Tuesday, October 27, 2009

Tolerant Engagement Redux

I currently revising the paper I'm to give at the Concerned Philosophers for Peace Conference in a couple weeks. The idea is to figure out how toleration can be squared with one's own moral convictions (and preserving one's integrity), where one has serious moral disagreements with others.

The line I've been tempted by is that it won't do to say that we should tolerate those with whom we have serious moral disagreements, unless toleration is understood as something more than restraint and forbearance. After all, why should I restrain myself toward someone I think is doing (or promoting) something I think is pretty seriously wrong?

The concept I'm pushing is tolerant engagement. We can't tolerate something if we don't understand it, and we can't understand another person sufficiently without having some (sympathetic) understanding of that person's perspective. So, we have to engage.

While revising, it's become clearer to me that (and easier to state straightforwardly why) one can't write off tolerance without writing off the virtue of humility and the validity (or however you like to put it) of the principle of respect for persons. And I suspect, as noted before, that those are fairly basic, widely shared values. And if that's right, then justifying tolerance (or tolerant engagement) shouldn't require any elaborate--or as some put it, substantive--framework of liberalism. (Much of the reading I'd done in working up to this paper seemed to suggest that tolerance does need that framework. Am I missing something that should be obvious? Am I being blinded by my own unwitting liberalism here?) The point is, it's a good thing for tolerance if it turns out to be a much more basic value--like humility (from which it flows), it's one of those things we need so that we don't act like self-righteous idiots.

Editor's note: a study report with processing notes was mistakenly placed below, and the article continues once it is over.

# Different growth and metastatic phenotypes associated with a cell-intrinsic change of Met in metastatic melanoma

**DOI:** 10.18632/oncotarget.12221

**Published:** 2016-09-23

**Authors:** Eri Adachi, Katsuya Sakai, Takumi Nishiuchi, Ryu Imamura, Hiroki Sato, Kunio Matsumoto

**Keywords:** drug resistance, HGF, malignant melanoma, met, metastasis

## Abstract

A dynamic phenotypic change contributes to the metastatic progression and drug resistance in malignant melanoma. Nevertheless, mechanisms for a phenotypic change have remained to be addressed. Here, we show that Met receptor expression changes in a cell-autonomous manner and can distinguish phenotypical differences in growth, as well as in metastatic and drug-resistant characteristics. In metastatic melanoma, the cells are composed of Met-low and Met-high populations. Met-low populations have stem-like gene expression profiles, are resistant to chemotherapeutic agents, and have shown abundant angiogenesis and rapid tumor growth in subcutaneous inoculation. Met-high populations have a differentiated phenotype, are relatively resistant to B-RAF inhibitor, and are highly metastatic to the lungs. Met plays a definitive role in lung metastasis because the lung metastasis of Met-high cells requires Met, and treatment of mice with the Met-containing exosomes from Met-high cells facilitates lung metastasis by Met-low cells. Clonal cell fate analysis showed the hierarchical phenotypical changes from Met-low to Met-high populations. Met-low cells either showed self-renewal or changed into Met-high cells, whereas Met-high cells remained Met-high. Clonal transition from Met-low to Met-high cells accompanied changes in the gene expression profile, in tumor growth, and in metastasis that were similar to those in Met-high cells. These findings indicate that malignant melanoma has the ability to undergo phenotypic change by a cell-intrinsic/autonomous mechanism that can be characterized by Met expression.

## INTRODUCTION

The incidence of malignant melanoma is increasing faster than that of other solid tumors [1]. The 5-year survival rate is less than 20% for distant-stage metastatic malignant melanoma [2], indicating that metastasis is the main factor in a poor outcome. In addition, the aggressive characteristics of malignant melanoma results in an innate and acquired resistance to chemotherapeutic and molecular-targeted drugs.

(And importantly, you don't have to be a self-righteous idiot to have, and honor, your moral convictions, which is the other part of the story. I'll post a draft when it's ready.)


  1. Is the liberal framework needed perhaps to distinguish the kind of tolerant engagement you describe from strategic forms whose ultimate goal is to foster the circumstances in which there is no need for it?

    (I often wonder if this isn't the correct way to characterize certain varieties of "interfaith" tolerance: where it is not entirely a function of the impossibility of eliminating its objects, the hope in undermining them, directly and indirectly, through tolerant engagement might be the inspiration.)

  2. By strategic forms, do you mean the sort of strategy you refer to in your parenthetical remark? (I'm assuming yes.)

    That's a good question, and I'm somewhat worried about it. In part, this is because as I've been re-drafting this paper I've decided mainly to speak in terms of "toleration" rather than "tolerance," and there is something of a distinction that can be made between the two (roughly, that toleration mainly refers to the outward activity of restraint/forbearance, and that tolerance refers to the "inner" attitude). Due to space constraints, I didn't want to get into too many subtleties, but I think I can rule out, given what I do in the paper, the sort of (as it were) covert strategy your comment suggests. This is because tolerant engagement, as I construe it, pushes discourse in the direction of seeking a sympathetic understanding, and anyone who comes to the table with too much of an adversarial approach to discourse isn't going to be engaged in the right way. This is tricky, because I don't want to say something to the effect that a person of conviction has to be open to the possibility of conversion--that would seem, in a way, like a preemptive compromising of integrity, especially in the moral case. But one has to be open, I think, to a deepened understanding of the "other side." I guess I could say that a "posture" of tolerant engagement isn't necessarily the real item...perhaps it depends on whether the person is really listening, really trying to understand, or is just looking for the fallacy ("it must be there somewhere") in the other person's position.

    Does that make sense? If it does, then I'm not sure why I need to invoke a liberalist framework, rather than make, as it were, the point about authenticity.